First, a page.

About Spring Web Flow
Spring Web Flow allowing us to represent the UI flow in (part of) a web application in a clear and simple way. It has several advantages:
- The UI flow in a web application is clearly visible by looking at the corresponding web flow definition (typically in an XML file).
- Web Flows can be designed to be self contained. This allows you to see a part of your application as a module and reuse it in multiple situations.
- Web Flows can define any reasonable UI flow in a web application, always using the same consistent technique. You’re not forced into using specialized controllers for very particular situations.
About this book:
“Spring Web Flow 2 Web Development” by Markus Stäuble, Sven Lüppken (from Packt) is a very good book to start with Spring Web flow. I got a chance to go through this book and I thought of writing a small review about this book in my page.
Just like the main well known Spring books, this book is also approaching learning by doing a small project. In the entire book we are developing a small project (bug tracking system) and through that we are trying to learn web flow.
Whats special in this Book?
- The book is different in some cases like it does not only explain how to create flows with Spring Web Flow, but also shows the integration with other technologies like JavaServer Faces, EasyMock, Hibernate, Spring Security.
- Explains web flow example project which is using so many other technologies, tools and frameworks like Maven/Ant, Eclipse/Netbeans IDE, Easymock, Apache Tiles etc etc.
- More importantly it covers latest version and advantages of Spring Web Flow.
- “Spring Web Flow 2 Web Development” is special in one case. They are started with the Installation and set-up of the whole environment. As a programmer it will help you very much. (although they are proving Code).
- It starts from the very basics and moves on further.
- Explains things with Maven/Ant, eclipse/Netbeans. This sounds very good.
- This book explains the integration of Spring and Java Server Pages very clearly. And it also explains the Spring web flow and Faces integration. This may consider an added advantage of this book.
- Authors are given Class diagrams also for our reference in many framework class cases. This helps us to get a full idea about that class and the functionalities that provides.
- It also also explains the essential modules of the complete Spring framework stack.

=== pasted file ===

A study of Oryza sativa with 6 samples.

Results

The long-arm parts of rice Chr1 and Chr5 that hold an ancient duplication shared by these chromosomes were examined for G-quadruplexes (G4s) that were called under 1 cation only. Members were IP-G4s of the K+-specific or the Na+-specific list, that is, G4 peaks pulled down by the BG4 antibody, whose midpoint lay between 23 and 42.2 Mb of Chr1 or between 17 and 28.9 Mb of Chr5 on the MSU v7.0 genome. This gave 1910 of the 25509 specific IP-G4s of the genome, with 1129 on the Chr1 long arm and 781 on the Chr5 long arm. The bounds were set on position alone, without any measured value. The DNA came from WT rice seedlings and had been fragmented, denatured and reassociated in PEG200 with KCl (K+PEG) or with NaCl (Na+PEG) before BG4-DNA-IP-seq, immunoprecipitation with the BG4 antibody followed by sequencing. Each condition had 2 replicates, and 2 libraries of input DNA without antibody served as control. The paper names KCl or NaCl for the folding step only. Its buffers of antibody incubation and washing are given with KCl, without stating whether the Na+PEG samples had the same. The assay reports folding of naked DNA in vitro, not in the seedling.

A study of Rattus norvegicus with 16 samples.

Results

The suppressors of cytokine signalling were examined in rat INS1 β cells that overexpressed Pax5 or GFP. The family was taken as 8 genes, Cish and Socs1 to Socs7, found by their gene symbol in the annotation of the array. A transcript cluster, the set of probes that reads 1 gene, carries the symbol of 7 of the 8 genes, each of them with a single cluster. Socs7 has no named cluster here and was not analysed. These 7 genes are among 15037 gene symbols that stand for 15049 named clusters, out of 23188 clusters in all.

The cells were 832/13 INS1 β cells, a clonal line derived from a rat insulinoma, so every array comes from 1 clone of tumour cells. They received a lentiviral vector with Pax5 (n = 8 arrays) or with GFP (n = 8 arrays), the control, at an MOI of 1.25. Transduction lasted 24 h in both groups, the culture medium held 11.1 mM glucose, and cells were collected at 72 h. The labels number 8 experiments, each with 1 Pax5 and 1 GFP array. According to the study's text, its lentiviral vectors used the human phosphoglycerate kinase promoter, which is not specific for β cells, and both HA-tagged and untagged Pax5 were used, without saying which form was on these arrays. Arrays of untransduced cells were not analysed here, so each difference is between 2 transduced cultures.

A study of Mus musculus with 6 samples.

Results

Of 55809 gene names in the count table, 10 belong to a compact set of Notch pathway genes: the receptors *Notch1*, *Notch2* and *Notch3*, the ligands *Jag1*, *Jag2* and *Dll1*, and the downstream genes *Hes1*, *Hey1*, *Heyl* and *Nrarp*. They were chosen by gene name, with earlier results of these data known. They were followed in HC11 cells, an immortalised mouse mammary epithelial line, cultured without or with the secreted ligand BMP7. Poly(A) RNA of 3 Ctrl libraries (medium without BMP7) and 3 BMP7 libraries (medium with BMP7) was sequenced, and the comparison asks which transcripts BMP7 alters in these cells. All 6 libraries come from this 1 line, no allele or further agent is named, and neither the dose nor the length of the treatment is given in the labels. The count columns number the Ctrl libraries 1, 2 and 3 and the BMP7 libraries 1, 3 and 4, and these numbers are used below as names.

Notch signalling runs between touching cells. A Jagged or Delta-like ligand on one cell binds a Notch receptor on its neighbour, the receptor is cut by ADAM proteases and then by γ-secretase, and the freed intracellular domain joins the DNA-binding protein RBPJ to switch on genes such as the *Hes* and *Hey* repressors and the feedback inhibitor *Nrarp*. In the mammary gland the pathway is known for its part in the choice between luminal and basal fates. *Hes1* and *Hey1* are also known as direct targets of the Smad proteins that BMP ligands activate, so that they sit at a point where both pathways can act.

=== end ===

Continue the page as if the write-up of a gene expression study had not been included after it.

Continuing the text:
- Given the complete configuration files and details of flows and others. This helps us to get the overall picture of the configurations.
- Given so many reference links to follow. This also given at each specific parts of the book where that respective technology explains.
- Explains Spring Java Script. It is really good to find some tutorial about that Library framework. Though it is coming through Spring Web Flow 2, a very few authors touches it in their books.
- Another great advantage is it covers Spring Security. Gives us a chance to learn about this Library.
- Apache Tiles integration and configuration is also covered although the book.
- It also covers Unit testing of this Spring Web flow using EasyMock. This is really good point with respect to developers point of view.
- It gives us an idea about running in the SpringSource dm Server (modular OSGi -Open Services Gateway initiative).
- In the installation chapter we are coming across a lot of frameworks/tools. If you are a person who knows most of them then that chapter will be easy for you. Otherwise you need a bit more time to understand that.
- Missing Spring IDE explanation.
- Not much information about Spring basics. That’s seems to be Okay because they mentioned it as a book for the people who knows Spring.
- The code mentioned in the book follows the same font. If they would have make the syntax/code highlighted/with some sort of separation then that would have been great to read.
- One basic thing about the formatting. Paragraphs are not JUSTIFIED. May be that affects the code snippets. But surely this is making a bit bad look for the entire book in my view.